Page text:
Spring Hill City Hall

Spring Hill City Hall.

In what Alderman Trent Linville described as a tool that could both "slow residential growth" and generate more revenue for the city, Spring Hill leaders discussed Monday night the idea of increasing the city's adequate facilities tax.

An ADT is a tax levied on developers for the construction of both residential and commercial buildings, with revenue generated from said tax being restricted for use on capitol projects such as park facilities, libraries and fire stations.

Currently, Spring Hill sees local developers incur an AFT of 50 cents per square foot for both residential and commercial buildings, a rate that was last increased in 2006 from 25 cents per square foot.

The new proposal, which includes two options, would see those rates increased to at least $1 per square foot for both residential and commercial development.

The first option would increase the AFT to $1 per square foot for both residential and commercial development, with commercial development AFT being increased 2.5 percent annual to account for inflation.

The second option would increase the AFT to $1 per square foot for residential development, and $2 for commercial development — both the maximum AFT rates allowed per state law.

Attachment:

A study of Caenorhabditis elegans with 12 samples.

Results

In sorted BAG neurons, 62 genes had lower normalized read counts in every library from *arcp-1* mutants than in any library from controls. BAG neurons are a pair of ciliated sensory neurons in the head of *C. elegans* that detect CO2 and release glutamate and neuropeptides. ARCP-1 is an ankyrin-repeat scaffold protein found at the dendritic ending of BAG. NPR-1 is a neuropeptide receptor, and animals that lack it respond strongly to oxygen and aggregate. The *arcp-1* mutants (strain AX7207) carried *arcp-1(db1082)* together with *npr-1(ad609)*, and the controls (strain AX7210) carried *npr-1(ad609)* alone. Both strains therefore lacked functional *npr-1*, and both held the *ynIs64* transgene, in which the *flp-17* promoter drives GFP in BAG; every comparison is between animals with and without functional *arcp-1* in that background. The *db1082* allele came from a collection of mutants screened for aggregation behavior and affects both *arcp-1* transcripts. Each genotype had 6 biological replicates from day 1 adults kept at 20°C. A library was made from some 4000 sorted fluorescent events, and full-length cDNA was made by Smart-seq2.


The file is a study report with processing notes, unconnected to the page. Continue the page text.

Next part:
Linville, who was a key player in bringing the proposal to the board's attention, said that given the amount of capitol projects the city has planned in the next decade, reevaluating the city's AFT rates "makes a lot of sense."

"I was in high school whenever this was last changed, so it's been a minute since we've reevaluated this," Linville said.

"We're looking at about a potential of $730 million in projects that are in the hopper over the next decade or so, and so I think looking at potential funding sources from any perspective is something this board should not take lightly."

Alderman Matt Fitterer, who said he hadn't yet made a decision on which option he would support, put the increase in development fees in perspective for both the board and those watching Monday's meeting.

"Just to help keep it in perspective, construction costs for non-residential construction [are] about $350 a square foot," Fitterer said.

"So a dollar a square-foot tax on that is basically .2 percent. So yes, it's an increase from where we are, but proportionally I'd tell you that somebody looking to make an investment in a 10,000 square-foot commercial building where they're spending $3 million, a half-percent is not going to make or break it for them."

Despite the marginally small increase in development fees, city staff estimate the proposed increase would generate approximately $2.5 million annually from residential development alone, and approximately $275,000 from commercial development.

Linville said he was leaning toward supporting the first option — increasing the AFT rate on commercial projects to $1, then annually increasing that by 2.5 percent — whereas Alderman William Pomeroy voiced support for the second option.

At the behest of the board, Assistant City Administrator Dan Allen said he would arrange a public meeting for developers to weigh in on the matter, with the board likely to vote on the proposal next month.